Mary Bartlett Bunge, who with her husband, Richard, studied how the body responds to spinal cord injuries and continued their work after his death in 1996, ultimately discovering a promising treatment to restore movement to millions of paralyzed patients, died on Feb. 17, at her home in Coral Gables, Fla. She was 92.

The Miami Project to Cure Paralysis, a nonprofit research organization with which Dr. Bunge (pronounced BUN-ghee) was affiliated, announced the death.

“She definitely was the top woman in neuroscience, not just in the United States but in the world,” Dr. Barth Green, a co-founder and dean at the Miami Project, said in a phone interview.

Dr. Bunge’s focus for much of her career was on myelin, a mix of proteins and fatty acids that coats nerve fibers, protecting them and boosting the speed at which they conduct signals.

Early in her career, she and her husband, who she met as a graduate student at the University of Wisconsin in the 1950s, used new electron microscopes to describe the way that myelin developed around nerve fibers, and how, after because of injury or illness, it receded, in a process called demyelination.

Treating spinal-cord injuries is one of the most frustrating corners of medical research. Thousands of people are left partially or fully paralyzed after automobile accidents, falls, sports injuries and gun violence each year. Unlike other parts of the body, the spinal cord is stubbornly difficult to rehabilitate.

Through their research, the Bunges concluded that demyelination was one reason spinal-cord injuries have been so difficult for the body to repair — an insight that in turn opened doors to the possibility of reversing it through treatments.

The couple worked closely together and always at the same institution. They both earned degrees from Wisconsin in 1960 — she received a Ph.D. in zoology and cytology, he received an M.D. They went on to postdoctoral work at Columbia University and professorships at Washington University in St. Louis before joining the Miami Project, which is affiliated with the University of Miami.

Through the decades, the couple determined that myelin could be encouraged to regrow if the affected area was coated in transplanted Schwann cells, which typically surround axons in the nervous system and specialize in producing the proteins. They found promising potential in experiments that placed transplanted human Schwann cells in rats.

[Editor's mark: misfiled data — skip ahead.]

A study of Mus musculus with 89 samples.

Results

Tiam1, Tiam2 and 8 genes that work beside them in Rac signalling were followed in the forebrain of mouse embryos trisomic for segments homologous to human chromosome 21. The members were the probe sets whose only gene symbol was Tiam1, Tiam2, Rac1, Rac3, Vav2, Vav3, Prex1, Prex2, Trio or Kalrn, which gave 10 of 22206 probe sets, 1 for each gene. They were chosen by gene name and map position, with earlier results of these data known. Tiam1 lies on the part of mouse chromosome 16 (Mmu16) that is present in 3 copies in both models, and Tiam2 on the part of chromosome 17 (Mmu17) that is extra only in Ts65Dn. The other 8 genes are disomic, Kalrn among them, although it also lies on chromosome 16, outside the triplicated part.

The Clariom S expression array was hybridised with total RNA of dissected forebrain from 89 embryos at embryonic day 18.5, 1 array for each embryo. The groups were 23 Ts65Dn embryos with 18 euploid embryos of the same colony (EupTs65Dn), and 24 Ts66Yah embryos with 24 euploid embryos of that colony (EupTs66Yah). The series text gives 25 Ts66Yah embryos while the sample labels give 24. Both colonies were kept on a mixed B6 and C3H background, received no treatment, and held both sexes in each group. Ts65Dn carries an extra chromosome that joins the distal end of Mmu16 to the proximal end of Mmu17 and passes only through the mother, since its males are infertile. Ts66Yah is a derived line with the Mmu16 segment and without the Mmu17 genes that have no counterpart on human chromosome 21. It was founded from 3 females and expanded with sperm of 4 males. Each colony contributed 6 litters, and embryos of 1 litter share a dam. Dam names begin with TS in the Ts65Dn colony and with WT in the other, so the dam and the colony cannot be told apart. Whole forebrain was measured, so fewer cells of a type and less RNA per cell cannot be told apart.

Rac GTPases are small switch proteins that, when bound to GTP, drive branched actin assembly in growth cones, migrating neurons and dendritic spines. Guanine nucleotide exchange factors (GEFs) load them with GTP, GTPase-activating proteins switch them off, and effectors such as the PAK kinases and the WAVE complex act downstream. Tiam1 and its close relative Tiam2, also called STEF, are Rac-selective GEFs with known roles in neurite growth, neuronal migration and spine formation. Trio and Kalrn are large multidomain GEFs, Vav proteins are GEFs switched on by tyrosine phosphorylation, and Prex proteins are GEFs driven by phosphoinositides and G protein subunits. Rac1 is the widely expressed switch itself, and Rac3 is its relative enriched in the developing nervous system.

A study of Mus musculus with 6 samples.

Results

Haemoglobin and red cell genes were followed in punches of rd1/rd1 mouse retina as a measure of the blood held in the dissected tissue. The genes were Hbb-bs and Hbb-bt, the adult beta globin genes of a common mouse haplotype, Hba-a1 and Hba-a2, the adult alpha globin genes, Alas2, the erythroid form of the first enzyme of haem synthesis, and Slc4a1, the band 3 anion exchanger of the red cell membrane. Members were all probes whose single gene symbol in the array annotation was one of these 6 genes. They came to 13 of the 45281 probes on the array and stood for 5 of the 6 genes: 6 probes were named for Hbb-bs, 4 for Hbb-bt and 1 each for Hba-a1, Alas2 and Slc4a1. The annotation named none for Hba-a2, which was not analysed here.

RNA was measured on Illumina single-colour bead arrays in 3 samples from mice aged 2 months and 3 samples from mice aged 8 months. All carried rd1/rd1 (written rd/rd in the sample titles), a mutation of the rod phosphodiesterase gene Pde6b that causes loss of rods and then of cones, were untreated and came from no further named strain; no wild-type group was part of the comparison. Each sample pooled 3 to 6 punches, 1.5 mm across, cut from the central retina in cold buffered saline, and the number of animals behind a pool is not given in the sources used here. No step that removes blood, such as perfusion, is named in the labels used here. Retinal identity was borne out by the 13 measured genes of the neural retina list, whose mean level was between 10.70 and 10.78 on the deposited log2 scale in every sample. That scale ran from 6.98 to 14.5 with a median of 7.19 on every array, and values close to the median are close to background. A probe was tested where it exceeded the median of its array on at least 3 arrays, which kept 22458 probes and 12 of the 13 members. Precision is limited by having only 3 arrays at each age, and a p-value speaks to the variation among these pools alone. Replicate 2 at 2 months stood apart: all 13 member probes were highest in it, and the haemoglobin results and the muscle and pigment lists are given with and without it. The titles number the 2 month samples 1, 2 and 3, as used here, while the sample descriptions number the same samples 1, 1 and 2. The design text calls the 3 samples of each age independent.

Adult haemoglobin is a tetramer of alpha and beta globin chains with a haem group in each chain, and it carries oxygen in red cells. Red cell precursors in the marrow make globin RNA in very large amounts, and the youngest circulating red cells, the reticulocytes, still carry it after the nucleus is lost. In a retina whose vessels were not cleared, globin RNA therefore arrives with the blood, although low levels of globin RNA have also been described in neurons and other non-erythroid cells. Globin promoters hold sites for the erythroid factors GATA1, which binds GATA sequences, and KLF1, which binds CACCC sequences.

“It was an intense and exciting time, arriving home between 1:00 and 2:00 AM and then rising a few hours later to resume our work,” she wrote in a personal sketch for the fourth volume of “The History of Neuroscience in Autobiography” (2004). “The electron microscopic images were not only revelatory, but also satisfied my artistic bent as anticipated; I loved creating the most handsome micrographs possible.”

The two split their work — Mary focused on the basic research, Richard on its possible applications. After his death, Mary continued to work on the implications of their work for spinal-cord therapy.

Dr. Mary Bunge realized that simply transplanting Schwann cells was not enough; drugs and other interventions were needed to promote regeneration. In 2003, she and her research team announced that after using a combination of medications and transplanted cells, rats achieved 70 percent of their previous mobility after just 12 weeks.

Mary Elizabeth Bartlett was born on April 3, 1931, in New Haven, Conn. Her parents, George and Margaret (Reynolds) Bartlett, renovated houses. Her mother was also a painter and a descendant of the British portraitist Joshua Reynolds — a heritage that Mary took to heart early on, convinced that she would grow up to be an artist herself.

Her summers spent exploring the woods and streams of rural Connecticut convinced her to pursue a career in science instead. She attended Simmons College in Boston, where she studied to be a laboratory technician and graduated with a degree in biology in 1953.

She proved to be a phenomenal student, and in her senior year, she received an offer to join a research laboratory as a doctoral student at the University of Wisconsin’s medical school.

She met Richard Bunge early in her graduate career, and the two soon found themselves both professional and romantic partners. They married in 1956.

Dr. Bunge is survived by her sons, Jonathan and Peter, and a grandson.

The Bunges moved to Miami in 1989 at the invitation of the Miami Project, founded by Dr. Green, a neurosurgeon, and Nick Buoniconti, a Hall of Fame linebacker whose son was paralyzed in a college-football game.

Richard Bunge was named the project’s science director, and both he and his wife received professorships at the University of Miami.

Her work in cellular transplantation revolutionized the field of spinal-cord treatment, said Dr. Barth.

“She started the ball rolling, and now everyone all over the world is into cell transplants,” Dr. Barth said, adding that Dr. Bunge continued to be active in research and at conferences until her retirement in 2018, at age 86. “There’s no doubt people stopped breathing when she entered a room because they were so much in awe of what she was capable of.”